Churches vandalized in Vancouver archdiocese

Joe Bukuras   By Joe Bukuras for CNA

A prolife memorial at St. Joseph’s church in Port Moody, Canada, that was vandalized June 13, 2021. Credit: St. Joseph’s Catholic Church.

Vancouver, Canada, Jun 16, 2021 / 18:29 pm (CNA).

Two parishes in the Archdiocese of Vancouver were vandalized last weekend.

The incidents come shortly after the discovery of the remains of 215 indigenous children in unmarked graves at the Kamloops Indian Residential School.

At St. Augustine’s parish in Vancouver on June 12, vandals wrote ‘release the records’ and ‘killers’ on the front door of the church.

A parishioner at St. Augustine’s told Global News in an interview that the incident was sad. “We had nothing to do with what happened with those poor kids,” the parishioner said.

St. Joseph’s Church in Port Moody, about 10 miles east of Vancouver, was also found vandalized the morning of June 13. A pro-life memorial gravestone was knocked to the ground, while the stone on which it was standing has been broken.

Fr. Mark McGuckin, pastor of St. Joseph’s, told CNA around the same time the memorial was knocked over, new building developments next to the parish had been burning down in what likely was an incident of arson.

McGuckin considered himself and his church community “very fortunate and blessed” because of the damp weather conditions. “The fire was so hot that flying embers landed on our church roof,” he told CNA, “and had it been three weeks of real dry season that could have really caught on fire.”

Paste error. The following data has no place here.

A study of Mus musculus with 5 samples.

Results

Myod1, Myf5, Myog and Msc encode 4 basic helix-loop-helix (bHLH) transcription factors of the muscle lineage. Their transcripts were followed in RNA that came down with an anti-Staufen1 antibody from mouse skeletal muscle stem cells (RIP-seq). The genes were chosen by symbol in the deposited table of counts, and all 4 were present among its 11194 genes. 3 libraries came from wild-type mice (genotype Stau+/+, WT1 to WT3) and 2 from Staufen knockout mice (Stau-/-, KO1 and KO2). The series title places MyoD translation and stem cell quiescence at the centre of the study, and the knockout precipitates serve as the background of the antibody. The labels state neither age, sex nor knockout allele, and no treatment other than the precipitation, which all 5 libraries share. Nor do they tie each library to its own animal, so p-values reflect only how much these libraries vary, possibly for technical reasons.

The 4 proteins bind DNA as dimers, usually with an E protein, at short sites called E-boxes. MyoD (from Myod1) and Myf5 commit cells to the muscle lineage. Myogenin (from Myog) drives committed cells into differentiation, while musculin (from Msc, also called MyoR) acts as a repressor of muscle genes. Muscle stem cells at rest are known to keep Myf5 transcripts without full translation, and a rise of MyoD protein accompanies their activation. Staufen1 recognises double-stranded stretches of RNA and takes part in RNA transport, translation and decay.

“I think it’s unrelated,” Fr. McGuckin said, doubting the connection between the vandalism at St. Augustine’s and the vandalism at his church. “We would have had clearer messaging around the residential school if that was someone who wanted to express themselves that way.”

The pro-life gravestone has been temporarily fixed but lays at a 45 degree angle, while it awaits full refurbishment.

Fr. McGuckin told CNA that over the weekend, there had been peaceful protests at Catholic churches in the area.

On the weekend of May 22, the remains of 215 indigenous children were found in unmarked graves at the Kamloops Indian Residential School. The discovery was made with ground-penetrating radar. It is unclear how the children died.

St. Joseph’s Catholic Church in Kamloops was vandalized following the discovery. Graffiti reading ‘banished’, ‘evicted’, and ‘crime scene’ was found spray painted on the walls of St. Joseph’s May 31. An ‘X’ was on the front doors.

The chief of the Tk̓emlúps te Secwépemc, or Kamloops Indian Band, has condemned the vandalism of St. Joseph’s Catholic Church in Kamloops shortly after the discovery of indigenous children’s graves at a nearby Church-run residential school.

“We are deeply disturbed to learn that the Saint Joseph’s church was vandalized. The church was built from the ground up by Tk̓emlúps te Secwépemc members. We understand the many emotions connected to a Roman Catholic run residential school. At the same time, we respect the choices that Tk̓emlúps te Secwépemc ancestors made, over a 100 years ago, to erect this church,” read a May 31 statement from Rosanne Casimir, the band’s chief.